Wall Street firms are investing more in ‘climate intelligence’ — and keeping valuable info to themselves: report

Wall Street firms are investing more in ‘climate intelligence’ — and keeping valuable info to themselves: report

Climate change is not only a safety issue and an environmental issue — it is also an economic issue, as an increase in hurricanes, floods, tornados, droughts and wildfires is bound to have economic consequences. Wall Street, according to journalist Andrew Freedman, is paying more attention to “climate intelligence.” The bad news, Freedman reports, is that “ordinary homeowners” will have less access to information about the risks they are facing in their areas.

In an article published by Axios on January 7, Freedman explains, “The consolidation in the climate intelligence space threatens to lead to an asymmetry of access to information. If you’re a wealthy investor or large real estate firm, you can pay to find out which companies or regions will be safest from climate hazards, and make sound investment decisions. However, ordinary homeowners, such as those in the Denver suburbs who faced down a horrific, climate-fueled December wildfire on December 30, may be left with fewer no- or low-cost options to find out detailed information about their mounting risk exposure.”

Freedman cites some examples of Wall Street’s growing interest in “climate intelligence.”

The journalist observes, “Big ratings agencies such as Moody’s and S&P Global, along with other financial firms, are vacuuming up companies specializing in modeling physical climate risks…. The latest consolidation in the ‘climate intelligence’ space arrived this week with S&P’s purchase of The Climate Service, a climate risk consulting firm. The Climate Service analyzes physical climate risks, including extreme temperatures, coastal flooding and water stress, along with so-called transition risks, including changing regulatory and market conditions.”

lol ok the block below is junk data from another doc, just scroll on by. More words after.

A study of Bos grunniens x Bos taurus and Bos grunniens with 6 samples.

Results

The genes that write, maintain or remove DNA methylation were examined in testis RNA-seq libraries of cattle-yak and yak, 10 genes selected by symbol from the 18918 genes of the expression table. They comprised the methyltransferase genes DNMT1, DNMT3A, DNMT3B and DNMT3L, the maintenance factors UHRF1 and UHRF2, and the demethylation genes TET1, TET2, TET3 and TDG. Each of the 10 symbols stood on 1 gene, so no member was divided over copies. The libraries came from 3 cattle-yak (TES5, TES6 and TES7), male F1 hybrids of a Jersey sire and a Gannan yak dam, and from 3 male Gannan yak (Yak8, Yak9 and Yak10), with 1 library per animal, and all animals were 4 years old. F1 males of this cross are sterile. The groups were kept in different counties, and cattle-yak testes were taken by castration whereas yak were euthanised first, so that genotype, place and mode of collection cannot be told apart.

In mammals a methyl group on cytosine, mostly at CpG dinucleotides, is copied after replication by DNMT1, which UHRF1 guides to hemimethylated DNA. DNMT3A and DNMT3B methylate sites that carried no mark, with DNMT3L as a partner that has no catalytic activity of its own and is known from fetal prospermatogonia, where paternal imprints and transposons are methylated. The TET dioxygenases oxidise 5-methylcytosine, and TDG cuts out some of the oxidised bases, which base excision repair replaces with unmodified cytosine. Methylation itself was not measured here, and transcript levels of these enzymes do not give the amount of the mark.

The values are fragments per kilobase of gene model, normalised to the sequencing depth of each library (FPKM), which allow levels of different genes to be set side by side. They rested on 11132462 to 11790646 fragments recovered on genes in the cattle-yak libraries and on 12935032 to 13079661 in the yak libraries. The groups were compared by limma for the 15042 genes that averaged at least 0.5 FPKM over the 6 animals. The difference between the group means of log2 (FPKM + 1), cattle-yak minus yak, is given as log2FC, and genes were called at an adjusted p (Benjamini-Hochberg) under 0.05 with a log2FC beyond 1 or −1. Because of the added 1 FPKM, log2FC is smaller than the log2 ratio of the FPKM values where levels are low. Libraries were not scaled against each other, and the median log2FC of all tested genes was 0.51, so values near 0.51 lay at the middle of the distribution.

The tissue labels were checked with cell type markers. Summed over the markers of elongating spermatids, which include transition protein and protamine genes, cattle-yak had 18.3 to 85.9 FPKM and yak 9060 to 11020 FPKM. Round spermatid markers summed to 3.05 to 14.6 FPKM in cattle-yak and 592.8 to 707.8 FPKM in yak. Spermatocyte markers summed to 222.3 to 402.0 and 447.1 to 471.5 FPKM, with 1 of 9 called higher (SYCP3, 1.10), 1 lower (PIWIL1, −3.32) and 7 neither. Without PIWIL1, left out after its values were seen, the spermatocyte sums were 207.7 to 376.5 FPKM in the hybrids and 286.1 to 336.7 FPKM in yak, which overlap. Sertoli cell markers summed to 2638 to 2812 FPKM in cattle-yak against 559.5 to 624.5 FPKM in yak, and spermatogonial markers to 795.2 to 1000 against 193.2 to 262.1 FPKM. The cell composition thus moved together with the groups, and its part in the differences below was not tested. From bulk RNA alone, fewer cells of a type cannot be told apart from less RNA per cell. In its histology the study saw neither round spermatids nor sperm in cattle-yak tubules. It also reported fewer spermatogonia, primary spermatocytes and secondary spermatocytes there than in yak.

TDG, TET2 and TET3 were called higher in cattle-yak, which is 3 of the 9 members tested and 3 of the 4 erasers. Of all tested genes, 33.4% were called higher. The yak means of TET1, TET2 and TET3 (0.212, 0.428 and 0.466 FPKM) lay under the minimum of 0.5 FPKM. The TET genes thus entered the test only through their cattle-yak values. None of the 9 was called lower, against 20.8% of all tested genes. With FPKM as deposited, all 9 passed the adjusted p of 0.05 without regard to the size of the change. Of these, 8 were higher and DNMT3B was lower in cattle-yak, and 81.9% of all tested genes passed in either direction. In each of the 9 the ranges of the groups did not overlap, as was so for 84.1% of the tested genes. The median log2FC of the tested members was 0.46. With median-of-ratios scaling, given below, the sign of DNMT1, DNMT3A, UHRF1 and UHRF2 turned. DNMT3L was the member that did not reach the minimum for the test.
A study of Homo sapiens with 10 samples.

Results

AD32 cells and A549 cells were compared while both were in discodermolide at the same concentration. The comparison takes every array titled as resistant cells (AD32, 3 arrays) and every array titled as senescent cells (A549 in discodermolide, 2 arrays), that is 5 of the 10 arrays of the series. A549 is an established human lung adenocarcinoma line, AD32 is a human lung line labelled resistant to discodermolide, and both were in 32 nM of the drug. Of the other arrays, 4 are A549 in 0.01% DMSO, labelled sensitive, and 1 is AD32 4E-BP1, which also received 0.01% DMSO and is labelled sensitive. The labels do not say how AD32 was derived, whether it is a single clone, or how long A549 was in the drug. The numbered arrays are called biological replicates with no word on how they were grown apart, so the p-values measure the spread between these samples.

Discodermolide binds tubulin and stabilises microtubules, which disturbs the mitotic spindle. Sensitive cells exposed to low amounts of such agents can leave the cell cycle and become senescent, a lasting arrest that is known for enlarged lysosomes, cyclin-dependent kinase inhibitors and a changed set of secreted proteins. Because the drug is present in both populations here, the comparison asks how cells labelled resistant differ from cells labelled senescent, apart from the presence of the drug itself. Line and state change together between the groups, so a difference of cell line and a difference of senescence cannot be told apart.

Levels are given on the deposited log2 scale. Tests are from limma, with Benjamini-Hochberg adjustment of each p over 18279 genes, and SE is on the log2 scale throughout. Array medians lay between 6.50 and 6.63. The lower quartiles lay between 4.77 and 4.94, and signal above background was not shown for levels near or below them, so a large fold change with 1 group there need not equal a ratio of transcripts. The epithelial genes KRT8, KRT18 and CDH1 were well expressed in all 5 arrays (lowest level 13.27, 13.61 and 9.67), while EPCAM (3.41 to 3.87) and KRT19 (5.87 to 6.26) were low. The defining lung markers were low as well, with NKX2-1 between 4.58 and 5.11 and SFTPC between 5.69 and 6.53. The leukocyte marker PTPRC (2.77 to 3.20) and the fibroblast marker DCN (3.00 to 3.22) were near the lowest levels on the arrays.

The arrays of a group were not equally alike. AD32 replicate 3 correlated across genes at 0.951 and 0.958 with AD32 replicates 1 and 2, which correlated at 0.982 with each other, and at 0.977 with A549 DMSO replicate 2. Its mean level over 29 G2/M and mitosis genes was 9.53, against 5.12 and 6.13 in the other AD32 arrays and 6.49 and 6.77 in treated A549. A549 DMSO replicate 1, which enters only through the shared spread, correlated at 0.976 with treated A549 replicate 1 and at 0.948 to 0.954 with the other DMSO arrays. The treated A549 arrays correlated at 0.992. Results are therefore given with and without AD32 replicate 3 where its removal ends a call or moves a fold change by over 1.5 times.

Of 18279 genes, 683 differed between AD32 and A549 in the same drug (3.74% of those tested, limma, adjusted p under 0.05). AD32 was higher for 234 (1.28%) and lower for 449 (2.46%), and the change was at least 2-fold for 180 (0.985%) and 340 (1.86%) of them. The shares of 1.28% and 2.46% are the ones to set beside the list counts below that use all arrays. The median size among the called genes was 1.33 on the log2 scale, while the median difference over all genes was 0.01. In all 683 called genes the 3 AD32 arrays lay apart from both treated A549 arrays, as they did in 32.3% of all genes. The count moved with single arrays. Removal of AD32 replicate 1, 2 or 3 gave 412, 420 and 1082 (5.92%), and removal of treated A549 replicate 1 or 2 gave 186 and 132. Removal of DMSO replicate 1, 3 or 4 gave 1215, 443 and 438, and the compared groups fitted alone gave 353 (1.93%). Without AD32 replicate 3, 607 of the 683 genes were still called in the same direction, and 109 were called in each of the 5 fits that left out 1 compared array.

Major Wall Street firms like Moody’s and S&P, according to Freedman, are “incorporating climate risk analysis into their ratings of companies, sovereign funds and more” as well as “seeking to flag any systemic risks to the financial system related to climate change.” Moody’s, Freedman notes, “has rolled out a variety of climate products for institutional investors, banks, private equity firms and individuals looking to invest in companies that are prepared for a more carbon-constrained world.”

Matthew Eby, founder and executive director of the nonprofit First Street Foundation, believes that information on the financial dangers of climate change should be widely available — not just available to Wall Street insiders. First Street, Freedman notes, “provides property-specific climate change-related flood risk information directly to consumers” and is “also pursuing climate-adjusted wildfire risk modeling.”

Eby told Axios, “This data needs to be out there. We don’t want more asymmetry of knowledge to exist, but that’s exactly what we're seeing. Everyone that has all the money is now acquiring all the advanced data analytics, so that they can make the smartest decisions ahead of everybody else.”